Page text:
More firsts in Indian housing
ALBUQUERQUE, N.M. - Two more firsts have been recorded in the accelerating drive to bring private housing money onto tribal trust lands.
At the Santo Domingo Pueblo near Albuquerque, ground was broken for the state's first Low Income Housing Tax Credit financing, which will build 20 units on pueblo trust land.
And in Palm Springs, Calif., Canyon National Bank claimed it has achieved the first-ever title policy on land held in trust.
In New Mexico, 20 families on the waiting list of the Santo Domingo Tribal Housing Authority will get new single-family homes as the result of an innovative financing that includes only grants and equity - no debt at all.
Fannie Mae, the Washington, D.C., secondary mortgage agency, took the lion's share of financing, buying $1 million of Low Income Housing Tax Credits, providing more than 50 percent equity for the $1.8 million project.
The tax credit investment came about through a fund Fannie Mae created with Enterprise Social Investment Corp. to fund deals on Indian trust land.
Others partners included the Federal Home Loan Bank of Dallas, which contributed a grant of $250,000, and the U.S. Department of Housing and Urban Development.
The New Mexico Mortgage Finance Authority allocated the tax credits. Under the program, an investor, such as Fannie Mae, contributes equity and gets a corresponding tax break. The firm also can buy credits at a discount, so it may only spend $750,000 to get $1 million in credits.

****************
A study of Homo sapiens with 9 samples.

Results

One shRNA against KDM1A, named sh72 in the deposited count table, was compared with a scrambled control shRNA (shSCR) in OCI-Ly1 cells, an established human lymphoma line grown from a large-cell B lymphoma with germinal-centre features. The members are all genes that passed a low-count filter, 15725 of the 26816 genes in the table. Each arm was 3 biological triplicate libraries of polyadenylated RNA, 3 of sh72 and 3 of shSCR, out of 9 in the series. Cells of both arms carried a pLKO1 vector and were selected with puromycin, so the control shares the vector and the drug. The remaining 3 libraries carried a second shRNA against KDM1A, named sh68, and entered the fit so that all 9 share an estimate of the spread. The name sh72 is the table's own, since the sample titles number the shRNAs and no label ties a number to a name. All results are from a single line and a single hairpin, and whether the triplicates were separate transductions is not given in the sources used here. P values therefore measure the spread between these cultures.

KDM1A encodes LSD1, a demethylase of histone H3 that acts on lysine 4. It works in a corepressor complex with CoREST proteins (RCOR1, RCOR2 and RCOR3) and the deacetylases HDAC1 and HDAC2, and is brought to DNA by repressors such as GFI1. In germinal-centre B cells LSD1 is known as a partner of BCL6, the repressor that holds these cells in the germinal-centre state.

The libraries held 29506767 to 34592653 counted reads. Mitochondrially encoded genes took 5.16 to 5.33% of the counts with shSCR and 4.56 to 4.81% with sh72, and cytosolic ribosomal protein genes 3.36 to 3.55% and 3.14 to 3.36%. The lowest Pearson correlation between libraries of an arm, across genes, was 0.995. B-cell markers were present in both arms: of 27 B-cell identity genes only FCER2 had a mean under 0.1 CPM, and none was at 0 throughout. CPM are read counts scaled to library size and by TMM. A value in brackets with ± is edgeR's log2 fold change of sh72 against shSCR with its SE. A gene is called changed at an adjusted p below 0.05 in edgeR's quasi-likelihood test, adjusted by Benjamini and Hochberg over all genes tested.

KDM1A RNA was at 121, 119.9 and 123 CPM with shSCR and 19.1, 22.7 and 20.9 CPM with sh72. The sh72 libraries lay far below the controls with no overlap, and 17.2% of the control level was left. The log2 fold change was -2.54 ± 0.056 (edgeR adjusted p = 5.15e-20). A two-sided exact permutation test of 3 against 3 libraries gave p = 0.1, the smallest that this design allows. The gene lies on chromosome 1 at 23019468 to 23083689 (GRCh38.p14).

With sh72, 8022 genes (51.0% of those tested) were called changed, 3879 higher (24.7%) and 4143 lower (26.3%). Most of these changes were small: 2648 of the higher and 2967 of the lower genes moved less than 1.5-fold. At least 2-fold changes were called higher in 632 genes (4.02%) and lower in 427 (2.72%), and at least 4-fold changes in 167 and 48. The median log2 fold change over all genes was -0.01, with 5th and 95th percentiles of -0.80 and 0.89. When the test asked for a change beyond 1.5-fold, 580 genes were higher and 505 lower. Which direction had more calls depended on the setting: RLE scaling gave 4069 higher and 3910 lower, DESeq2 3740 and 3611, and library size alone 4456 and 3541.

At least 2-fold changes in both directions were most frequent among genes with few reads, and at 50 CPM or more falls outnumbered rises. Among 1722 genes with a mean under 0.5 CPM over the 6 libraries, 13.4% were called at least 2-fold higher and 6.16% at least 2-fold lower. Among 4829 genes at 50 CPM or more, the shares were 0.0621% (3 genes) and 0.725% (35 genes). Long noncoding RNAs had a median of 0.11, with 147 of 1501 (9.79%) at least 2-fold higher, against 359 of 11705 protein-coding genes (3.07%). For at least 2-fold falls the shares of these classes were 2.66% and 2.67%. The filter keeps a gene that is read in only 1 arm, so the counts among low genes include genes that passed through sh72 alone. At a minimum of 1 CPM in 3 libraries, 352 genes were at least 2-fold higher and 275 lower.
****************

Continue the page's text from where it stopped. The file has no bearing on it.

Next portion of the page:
The two-, three- and four-bedroom units will go to very-low income residents earning 40 percent or below the area median income ($19,320).
Mark Vanderlinden of Fannie Mae's Albuquerque partnership office said the agency, which purchases mortgages after they are made, has bought about 20 or so made to individuals at five or six of New Mexico's pueblos. These include loans made under the HUD 184 and FHA 248 programs and the RNAP program of the Rural Housing Service.
Other deals are in the works and should be happening soon.
In California, Canyon National Bank said it arranged a title policy on a loan to a tribal leader through First American Title Co.
Titles on trust land traditionally have been handled by the Bureau of Indian Affairs, since the U.S. government actually holds title on the land ?in trust? for Indian tribes or individuals.
One source said private title insurance on Indian land would refer to the leasehold mortgage, and not the land itself. He said other such title policies are in the works or have happened.
Canyon National Bank is 45 percent owned by the Agua Caliente Band of Cahuilla Indians. Its trust land is unusual, in that half of the affluent city of Palm Springs and a couple of other surrounding communities are on tribal trust land.
The bank release said it is dedicated to overcoming the many financing obstacles encountered by Indians, and counts among its accomplishments enabling a tribal member to construct a custom home on allotted land, funding the construction of a convenience store for another tribal member, and securing permanent financing and a BIA loan guarantee for a tribally-owned mini-mart.